Interior Door Painting 101

4 Materials
5 Hours

With renovating a 200 year old house, I’ve done my fair share of door repairs, sanding, caulking & painting and wanted to share some of my best tips & tricks to make painting interior doors less of a headache.

So, our entire first floor consists of beautifully handcrafted 200 year old doors. They were so much work to repair and constantly have issues, so I decided to take the easier route when it came to our upstairs and use simple hollow core doors from a big box retailer. I initially primed them white and have been content for the past year but suddenly decided, change was needed…. and that change is bold! 

I painted my doors black! So let’s walk through the entire process. Like any DIY project first you want to understand what your working with.

Step 1: figure out what type of surface or finish you’ll be painting over. In my case, I just had primed doors that needed no surface prep. However if you are working with latex, you’ll want to use a latex paint or if you have to sand down, you’ll most likely want to prime before painting. 

Fun tip for figuring out if it’s latex paint: clean your door with a light cleaner and once dry, soak a Cotten ball in rubbing alcohol and wipe a small area of the door.. if paint comes off it is indeed latex. latex will also have a rubbery texture.

Step 2: Gather supplies

For this project, I suggest the following :

  • Paint ( I suggest Sherwin Williams Emerald enamel for door painting!)
  • Angled brush
  • Small roller (I use a Purdy white dove)
  • Small rolling tray
  • Tape if needed 
  • Screwdriver (to remove door or hardware)

Step 3: Prepare

Prep is always everyone’s favorite step, am I right? But like all projects, it’s important. So for this step, either carefully remove your doors from the hinges and take to your painting area or if you are just painting the exteriors like I am (leave them on) and just remove the hardware and put it somewhere you won’t lose it (I recommend in a baggie with the screws!). If you need to tape any edges or trim certainly do that before you even wet that paint brush.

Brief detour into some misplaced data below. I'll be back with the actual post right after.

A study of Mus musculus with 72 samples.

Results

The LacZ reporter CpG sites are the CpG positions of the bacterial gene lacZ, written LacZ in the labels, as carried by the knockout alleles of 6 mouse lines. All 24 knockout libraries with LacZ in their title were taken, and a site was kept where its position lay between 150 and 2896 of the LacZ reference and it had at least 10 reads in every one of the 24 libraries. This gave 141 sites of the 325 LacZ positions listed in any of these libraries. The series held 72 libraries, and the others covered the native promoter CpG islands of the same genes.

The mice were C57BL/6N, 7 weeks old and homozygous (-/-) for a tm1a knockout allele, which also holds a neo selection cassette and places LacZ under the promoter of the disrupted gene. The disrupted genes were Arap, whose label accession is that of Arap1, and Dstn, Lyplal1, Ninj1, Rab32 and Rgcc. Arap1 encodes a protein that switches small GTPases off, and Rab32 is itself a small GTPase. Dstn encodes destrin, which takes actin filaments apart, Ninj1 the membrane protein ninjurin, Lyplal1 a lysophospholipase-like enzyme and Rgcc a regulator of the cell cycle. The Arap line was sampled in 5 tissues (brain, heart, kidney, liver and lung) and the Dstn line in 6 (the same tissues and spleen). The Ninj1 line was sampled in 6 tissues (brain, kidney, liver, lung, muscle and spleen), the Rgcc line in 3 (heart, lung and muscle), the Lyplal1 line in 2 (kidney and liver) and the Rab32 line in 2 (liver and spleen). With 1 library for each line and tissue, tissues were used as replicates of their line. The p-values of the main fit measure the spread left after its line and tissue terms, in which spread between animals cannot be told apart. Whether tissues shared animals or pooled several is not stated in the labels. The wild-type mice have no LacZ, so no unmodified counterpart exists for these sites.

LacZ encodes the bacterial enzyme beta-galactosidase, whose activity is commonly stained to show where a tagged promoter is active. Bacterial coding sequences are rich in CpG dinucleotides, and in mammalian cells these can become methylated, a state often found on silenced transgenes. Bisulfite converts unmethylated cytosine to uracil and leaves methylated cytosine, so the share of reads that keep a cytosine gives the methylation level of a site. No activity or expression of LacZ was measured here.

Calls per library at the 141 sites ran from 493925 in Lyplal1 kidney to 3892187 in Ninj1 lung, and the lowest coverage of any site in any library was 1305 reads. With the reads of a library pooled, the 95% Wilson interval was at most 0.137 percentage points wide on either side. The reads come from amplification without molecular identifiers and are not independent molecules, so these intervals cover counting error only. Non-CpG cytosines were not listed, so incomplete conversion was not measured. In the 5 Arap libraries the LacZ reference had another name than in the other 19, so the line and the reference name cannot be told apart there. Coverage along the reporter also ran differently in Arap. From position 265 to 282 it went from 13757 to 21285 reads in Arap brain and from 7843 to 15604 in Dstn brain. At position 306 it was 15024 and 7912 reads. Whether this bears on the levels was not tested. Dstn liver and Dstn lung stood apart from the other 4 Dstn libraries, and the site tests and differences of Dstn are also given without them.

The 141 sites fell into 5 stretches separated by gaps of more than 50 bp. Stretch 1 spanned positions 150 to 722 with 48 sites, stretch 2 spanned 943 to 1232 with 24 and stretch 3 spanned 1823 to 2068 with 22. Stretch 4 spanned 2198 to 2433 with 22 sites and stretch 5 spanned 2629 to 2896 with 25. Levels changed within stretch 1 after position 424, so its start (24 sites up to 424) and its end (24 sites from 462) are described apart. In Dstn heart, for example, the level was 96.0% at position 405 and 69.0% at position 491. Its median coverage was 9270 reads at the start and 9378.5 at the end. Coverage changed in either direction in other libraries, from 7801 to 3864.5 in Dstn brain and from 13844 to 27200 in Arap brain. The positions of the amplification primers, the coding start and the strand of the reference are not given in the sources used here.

Step 4: Paint in the proper way 

This is important and many people don’t realize there is an entire process and steps to painting a door that should be followed to ensure that the paint job comes out amazing! So let’s go over that now…

I made this template using my door for you to see a visual on the order of painting a door. I’ll also break it down for ya!

1) You paint all of the panels first. If you are painting the whole door, you’ll want to paint the 2 outer sides that face the jambs at this point too!

2) paint the vertical rails- this will start to make more sense as you look closely at the door and see how the wood grain goes different ways.

3) paint the horizontal rails

4) paint the edges – this can involve cutting in if your simply doing the door faces like I did. 

– you’ll want to go in this order for all coats and I promise, it’ll ensure a seamless finish once cured.

Step 5: let your paint dry according to can for recoats and again follow the order of painting.


Step 6: ENJOY!!

This is the best part walk down that hallway and just stare at the beauty you created!! 🖤

I hope those tips were helpful. As always , reach out here or on  Instagram with any questions and happy DIY’ing. 

Be sure to follow me on my socials to keep up with all my projects

  • Johanne Palange Johanne Palange on Jan 22, 2021

    In the list of materials it says Emerald paint. However, it looks black in the pictures. Whatever: I like the results a lot. I'm going with black. It looks dramatic without being overwhelming. Simple and so effective.

    • See 1 previous
    • Hi Joanne, yes as Mary Beth stated it's a line of paint from Sherwin Williams. I went with the urethane type and you can get any color mixed. Thank you for your kind compliments too!

  • Teresa Bodzassy Teresa Bodzassy on Feb 09, 2021

    I thought you had to take the doors down and lie flat to paint. That's what's held me back and I bought the paint a year ago! I can usually get things down and have trouble getting them up again. Won't there be the risk of runs if painting doors while upright?